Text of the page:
Meet Bruce, the disabled kea who practices ‘self care’
Each day, Bruce goes on the hunt for the perfect pebble. This is because Bruce is a little bit different from other keas.
Bruce lost his upper beak in the wild and has been in the care of zookeepers at the Willowbank Wildlife Reserve in Christchurch since he was a juvenile.
While the zookeepers ensure that Bruce has access to soft foods that make it easy for him to eat without his upper beak, there’s one thing that Bruce was having difficulty with. Preening.
Preening is critical to a bird’s life. It keeps them clean, able to fly and attract a mate. But without an upper beak, it’s almost impossible. What Bruce did to compensate for his disability has shocked scientists.
In 2019, zookeepers began to notice Bruce was spending a lot of time playing around with pebbles. Exactly why, they didn’t know. After closely observing the behaviour they soon realised he was using the pebble to preen himself.
According to Kea expert Amalia Bastos, the process goes like this:
“Bruce usually starts off by looking around the aviary floor for an appropriate pebble. He puts his beak very close to the ground so he can investigate the pebbles up close.
“Once he finds a suitable pebble, he picks it up and rolls it around with his tongue for quite some time. We’re not sure if he does this to clean the pebble, or if he is assessing the size or shape of the pebble as a tool. Sometimes he will spit it out at this stage and substitute it for another pebble.
“After selecting a pebble of his preference, he will carry it elsewhere, for example onto the top of a rock or a tree branch, and begin preening with it. In most cases this involves holding the pebble under his tongue and scraping his feathers between his lower bill and the pebble. This is likely a way to remove dirt and ectoparasites from his feathers, like other birds can do by scraping their feathers between their upper and lower bills.”
This is the first evidence of tool use for self care by a kea. The groundbreaking findings have been published today in the journal Scientific Reports.
What’s most fascinating for scientists like Amalia is that Bruce couldn’t have learned the behaviour from another bird. Rather, he was innovating.
“It really goes to show how flexibly kea can deal with problems in their lives and in their environments, coming up with clever solutions when they are needed,” Amalia says.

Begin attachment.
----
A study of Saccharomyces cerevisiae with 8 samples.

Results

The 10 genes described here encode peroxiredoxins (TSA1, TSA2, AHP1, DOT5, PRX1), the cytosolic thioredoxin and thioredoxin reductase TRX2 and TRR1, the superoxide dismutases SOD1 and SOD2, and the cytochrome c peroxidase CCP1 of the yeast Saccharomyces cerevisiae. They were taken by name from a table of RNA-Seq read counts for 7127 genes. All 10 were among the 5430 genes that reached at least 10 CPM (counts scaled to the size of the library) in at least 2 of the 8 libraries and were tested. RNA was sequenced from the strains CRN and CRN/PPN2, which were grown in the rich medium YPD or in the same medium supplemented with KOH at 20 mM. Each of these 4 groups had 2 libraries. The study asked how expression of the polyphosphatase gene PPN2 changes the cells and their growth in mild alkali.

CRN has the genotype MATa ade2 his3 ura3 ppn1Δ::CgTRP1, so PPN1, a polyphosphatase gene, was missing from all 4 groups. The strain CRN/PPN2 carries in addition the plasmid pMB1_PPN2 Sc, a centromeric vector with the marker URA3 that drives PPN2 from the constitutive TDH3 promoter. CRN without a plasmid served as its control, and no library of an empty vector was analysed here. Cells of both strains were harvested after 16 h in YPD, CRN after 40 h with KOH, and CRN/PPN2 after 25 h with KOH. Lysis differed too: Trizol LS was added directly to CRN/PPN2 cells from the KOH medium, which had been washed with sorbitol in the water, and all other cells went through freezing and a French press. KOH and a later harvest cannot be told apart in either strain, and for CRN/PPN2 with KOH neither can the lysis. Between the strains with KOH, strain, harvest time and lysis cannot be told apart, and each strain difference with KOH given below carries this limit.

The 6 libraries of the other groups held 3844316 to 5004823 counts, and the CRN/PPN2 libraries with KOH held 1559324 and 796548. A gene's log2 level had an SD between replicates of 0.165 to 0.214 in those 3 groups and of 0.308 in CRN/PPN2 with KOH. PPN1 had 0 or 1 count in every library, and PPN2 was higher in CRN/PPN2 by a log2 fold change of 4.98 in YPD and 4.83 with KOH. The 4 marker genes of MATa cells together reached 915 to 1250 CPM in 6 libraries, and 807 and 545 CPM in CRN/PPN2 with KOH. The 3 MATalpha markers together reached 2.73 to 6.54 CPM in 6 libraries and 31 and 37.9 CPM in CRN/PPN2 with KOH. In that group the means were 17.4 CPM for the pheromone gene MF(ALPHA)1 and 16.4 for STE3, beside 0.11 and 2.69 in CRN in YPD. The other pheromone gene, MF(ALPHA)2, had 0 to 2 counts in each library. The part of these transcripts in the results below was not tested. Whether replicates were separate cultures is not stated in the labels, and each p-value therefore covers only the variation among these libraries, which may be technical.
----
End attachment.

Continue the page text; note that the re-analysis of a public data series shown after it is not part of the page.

A critical part of the study was establishing that the tool use was intentional rather than incidental. After many hours of observing Bruce, the scientists found that 90 per cent of the time when he picked up a pebble he used it to preen. In addition to this, 95 per cent of instances where he was preening with a pebble but dropped it, he immediately retrieved the pebble or replaced it.
“This indicates that he really did mean to hold a pebble in his beak while preening, again suggesting this is intentional,” Amalia says. “He also selected specific pebbles of a particular size, which differed in size from both a random sample of pebbles and stones in the aviary, and the objects other kea in his aviary interacted with during that time.”
Kea, a parrot endemic to New Zealand, are known to be among the world’s most intelligent birds. Just last year, another paper published in Nature (also authored by Amalia) demonstrated that keas are capable of predicting the future by balancing the probabilities, which was previously thought to be unique to humans and apes.
Amalia says that tool use doesn’t play a big role for keas in the wild. The only other record of wild keas using tools is from a population in Fiordland, in the south-western corner of New Zealand’s South Island, that had learnt to use sticks to set off the traps intended for invasive species and then grab the bait.
Following this most recent study, Amalia is now interested in understanding what kind of pebbles Bruce is most attracted to. “We don’t have answers for this just yet but it would tell us which properties kea might attend to when they interact with objects in their environment.
“The hope is that, by showing just how clever these endangered birds are, more people will be compelled to help preserve them in the wild. Some of this research also has direct applications for their conservation as well.”